Delegating: “It only gets done right if I do it myself.”
Don’t fall into the trap of clinging onto your tasks because you are scared to let go. If you fail to let go, you run the risk of carrying a heavy workload without any assistance. You won’t have time for new ideas and projects.
What you delegate and to whom you delegate are key issues
The investment you make in crafting a delegation strategy will be repaid over and over as your employees grow in competence. You will begin to feel more relaxed about the delegation process.
Step 1: What are you willing to delegate?
You need to determine which tasks you are prepared to delegate and which tasks you want to keep for yourself. The tasks you may not be inclined to delegate might include those that you enjoy; those that need your specialized knowledge; those that are creative and open-ended.
Step 2: Take a long, hard look at your team
These are the people to whom you will be delegating. Once you know what you’re prepared to delegate and to whom, the next step is to answer the following questions.
Step 3: Answer the following questions
Q) What do I want the individual to do?
People need to know precisely what you want. They will need to know why you want them to do it.
Q) To what standards do I want the the individual to perform?
The standards you set can relate to time, quality, cost, security or confidentiality. Standards provide clear guidelines for people and give them confidence.
Q) When do I want it done by?
Discuss the deadline to set right expectations. Is there important information I need to share to help this person to the right job?
Q) Will the individual need additional resources?
Remember authority a resource. It is important to make sure that whoever is doing the job won’t be tied up with red tape are subjected to delay caused by the coworkers who aren’t aware that this person has taken additional responsibility.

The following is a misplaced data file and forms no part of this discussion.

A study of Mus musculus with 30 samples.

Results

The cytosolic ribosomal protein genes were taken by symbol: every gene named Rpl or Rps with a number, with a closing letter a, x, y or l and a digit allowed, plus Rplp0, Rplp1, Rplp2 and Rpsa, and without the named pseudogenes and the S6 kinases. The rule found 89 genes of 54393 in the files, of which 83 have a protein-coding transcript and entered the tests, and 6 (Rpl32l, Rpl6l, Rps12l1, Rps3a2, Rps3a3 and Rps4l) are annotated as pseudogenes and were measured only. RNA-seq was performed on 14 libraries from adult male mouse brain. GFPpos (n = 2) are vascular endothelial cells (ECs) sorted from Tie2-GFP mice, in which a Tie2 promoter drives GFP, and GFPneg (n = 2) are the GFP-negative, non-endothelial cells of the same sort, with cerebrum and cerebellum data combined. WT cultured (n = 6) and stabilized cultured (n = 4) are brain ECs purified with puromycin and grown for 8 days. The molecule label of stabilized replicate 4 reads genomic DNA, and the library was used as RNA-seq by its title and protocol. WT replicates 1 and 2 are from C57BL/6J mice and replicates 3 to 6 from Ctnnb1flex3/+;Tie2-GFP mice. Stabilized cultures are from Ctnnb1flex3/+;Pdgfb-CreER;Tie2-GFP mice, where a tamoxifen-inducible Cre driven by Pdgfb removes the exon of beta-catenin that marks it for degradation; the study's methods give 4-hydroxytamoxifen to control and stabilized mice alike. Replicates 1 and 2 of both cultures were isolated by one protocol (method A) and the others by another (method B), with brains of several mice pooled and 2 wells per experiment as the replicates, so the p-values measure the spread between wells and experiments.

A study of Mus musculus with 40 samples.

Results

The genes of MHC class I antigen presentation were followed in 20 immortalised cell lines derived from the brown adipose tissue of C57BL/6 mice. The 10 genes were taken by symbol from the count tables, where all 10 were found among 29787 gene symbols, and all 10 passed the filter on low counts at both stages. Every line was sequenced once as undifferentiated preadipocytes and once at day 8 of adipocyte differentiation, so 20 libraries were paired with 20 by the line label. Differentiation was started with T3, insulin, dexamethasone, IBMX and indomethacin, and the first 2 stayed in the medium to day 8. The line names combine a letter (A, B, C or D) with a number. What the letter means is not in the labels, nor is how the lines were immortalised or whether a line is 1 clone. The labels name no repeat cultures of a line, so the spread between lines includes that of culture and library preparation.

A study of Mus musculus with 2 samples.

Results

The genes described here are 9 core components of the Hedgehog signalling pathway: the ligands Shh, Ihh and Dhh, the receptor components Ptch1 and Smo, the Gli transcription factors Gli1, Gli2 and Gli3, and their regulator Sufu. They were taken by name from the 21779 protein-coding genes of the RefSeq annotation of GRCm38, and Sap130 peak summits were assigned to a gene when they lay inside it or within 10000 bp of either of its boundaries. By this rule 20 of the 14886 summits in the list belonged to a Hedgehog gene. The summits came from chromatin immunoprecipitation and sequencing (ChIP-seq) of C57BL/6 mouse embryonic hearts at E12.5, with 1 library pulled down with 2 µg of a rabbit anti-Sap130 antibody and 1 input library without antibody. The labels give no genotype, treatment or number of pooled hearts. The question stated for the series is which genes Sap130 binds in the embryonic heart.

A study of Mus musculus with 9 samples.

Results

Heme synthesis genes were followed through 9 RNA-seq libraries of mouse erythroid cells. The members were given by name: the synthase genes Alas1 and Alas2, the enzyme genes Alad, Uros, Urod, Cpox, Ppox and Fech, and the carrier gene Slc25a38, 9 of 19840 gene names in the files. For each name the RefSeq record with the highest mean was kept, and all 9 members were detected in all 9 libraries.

Q) Step 4: Once you have a strategy in place, arrange a meeting
Water cooler is not a good place to meet for the purpose of delegating. Go through everything in detail and make sure that the other person understands what is required. Set a date for a review meeting.
Step 5: After delegating the tasks, monitor progress
Of course you need to monitor progress, but not every minute of every day. At your initial meeting, set up a schedule of follow-up meetings to review what’s happening. When you delegate work, people will ultimately do it in their own way. And their way will almost certainly not be your way. Let it go if they are not compromising on the outcomes.
However, if you see someone is seriously off course, then don’t hesitate to intervene. The best way to do this is to call an emergency meeting, highlight your concerns, ask questions, and listen to what the individual has to say. Provide clear guidance encouragement and support.
Planned delegation gets real results and will enhance your reputation as a manager. Delegating on the run can be disappointing or even disastrous.